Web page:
STARKVILLE, Miss.--A specialized Mississippi State teacher training program marked the end of its nine-year run with a concluding campus workshop.
The university's Advancing Teachers of Middle School Science program--also known as ATOMS2XP--was among the longest lasting Mathematics and Science Partnership projects in the state. It was created to help increase the number of highly qualified fourth-eighth grade science teachers and, in turn, the academic achievement levels of their students.
Participants in the free program had direct access to distinguished senior MSU faculty members in biological sciences, geosciences and physics, as well as resources of the campus-based Center for Education and Training Technology.
Each participant also received a $1,000 stipend for successful completion of the project, along with a science resource kit and a laptop computer for instructional use during the program.
Made possible by a federal MSP grant provided through the Mississippi Department of Education, ATOMS2XP accomplished its goals through a series of workshops, online discussion groups, content knowledge tests, and related activities.
"The ATOMS2XP program has been very successful," said Sonya Smith, its science field coordinator. "We have given teacher and student assessments that show how our program has increased student content knowledge."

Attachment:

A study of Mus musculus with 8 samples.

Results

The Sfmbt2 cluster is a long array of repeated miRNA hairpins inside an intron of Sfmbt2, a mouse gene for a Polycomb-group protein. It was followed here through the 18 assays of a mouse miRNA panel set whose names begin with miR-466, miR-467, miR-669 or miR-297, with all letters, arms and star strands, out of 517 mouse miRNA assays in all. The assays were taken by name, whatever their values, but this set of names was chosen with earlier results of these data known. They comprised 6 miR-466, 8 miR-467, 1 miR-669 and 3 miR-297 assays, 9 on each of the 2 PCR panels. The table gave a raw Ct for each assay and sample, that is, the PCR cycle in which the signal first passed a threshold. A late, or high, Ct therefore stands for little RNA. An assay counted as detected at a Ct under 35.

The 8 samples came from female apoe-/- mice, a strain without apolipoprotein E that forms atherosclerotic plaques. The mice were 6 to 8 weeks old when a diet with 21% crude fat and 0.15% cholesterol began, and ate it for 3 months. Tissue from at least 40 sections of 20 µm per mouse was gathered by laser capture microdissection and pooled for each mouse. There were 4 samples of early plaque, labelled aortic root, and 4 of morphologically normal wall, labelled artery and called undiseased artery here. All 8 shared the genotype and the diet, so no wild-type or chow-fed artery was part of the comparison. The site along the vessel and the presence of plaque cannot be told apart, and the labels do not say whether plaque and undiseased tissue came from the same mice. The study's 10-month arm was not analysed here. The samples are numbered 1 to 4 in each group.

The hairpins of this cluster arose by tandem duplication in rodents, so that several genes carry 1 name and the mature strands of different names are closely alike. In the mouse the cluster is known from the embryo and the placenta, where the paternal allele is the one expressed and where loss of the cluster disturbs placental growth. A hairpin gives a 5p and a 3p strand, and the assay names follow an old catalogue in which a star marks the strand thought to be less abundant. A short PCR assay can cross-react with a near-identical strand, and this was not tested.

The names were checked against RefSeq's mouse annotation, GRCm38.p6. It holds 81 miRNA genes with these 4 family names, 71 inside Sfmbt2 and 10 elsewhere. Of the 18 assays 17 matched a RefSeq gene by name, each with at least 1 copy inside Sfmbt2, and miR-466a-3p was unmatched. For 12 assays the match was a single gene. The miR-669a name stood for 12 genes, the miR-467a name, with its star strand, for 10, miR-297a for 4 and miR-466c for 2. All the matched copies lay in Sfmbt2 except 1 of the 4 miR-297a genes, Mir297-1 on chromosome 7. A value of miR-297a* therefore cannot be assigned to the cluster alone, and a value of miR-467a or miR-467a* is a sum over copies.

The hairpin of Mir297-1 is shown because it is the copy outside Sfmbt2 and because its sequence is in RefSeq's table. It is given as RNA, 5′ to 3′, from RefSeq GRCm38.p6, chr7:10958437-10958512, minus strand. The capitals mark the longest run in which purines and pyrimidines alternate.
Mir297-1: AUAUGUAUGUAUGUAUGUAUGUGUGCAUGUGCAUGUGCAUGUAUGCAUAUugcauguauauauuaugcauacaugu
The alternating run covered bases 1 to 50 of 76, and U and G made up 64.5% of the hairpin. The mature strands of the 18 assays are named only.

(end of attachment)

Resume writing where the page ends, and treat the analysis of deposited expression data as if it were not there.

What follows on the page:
She said much of the training focused on finding fun, hands-on ways to bring science and math to students. To help emphasize that point, she said participating teachers played a live version of the popular Angry Birds video game during the last workshop Wednesday [April 10].
"Educators can teach projectile motion, measuring angles, averages and graphing with the game, enhancing students' math and science skills," Smith explained.
Each of the nearly 50 teachers participating annually earned 10 continuing education units, along with a new highly qualified status in science education at their respective schools. In turn, they took what they learned and passed it on to others in their districts through professional development training sessions, Smith said.
"It's very important for us as teachers to continue our education, so that we can benefit our children," said Tammy Krutzfeldt, one of those at the final workshop. The Poplarville Upper Elementary School teacher praised the program, saying it "has given me many resources and a network of teachers that are valuable to our education system."
While ATOMS2XP may have ended, fourth-eighth grade teachers looking to increase their math content knowledge now are being invited to join MSU's In-depth Mathematical Practices and Content Teacher Training. For more information about IMPACT2, contact Smith at 662-325-8140 or firstname.lastname@example.org.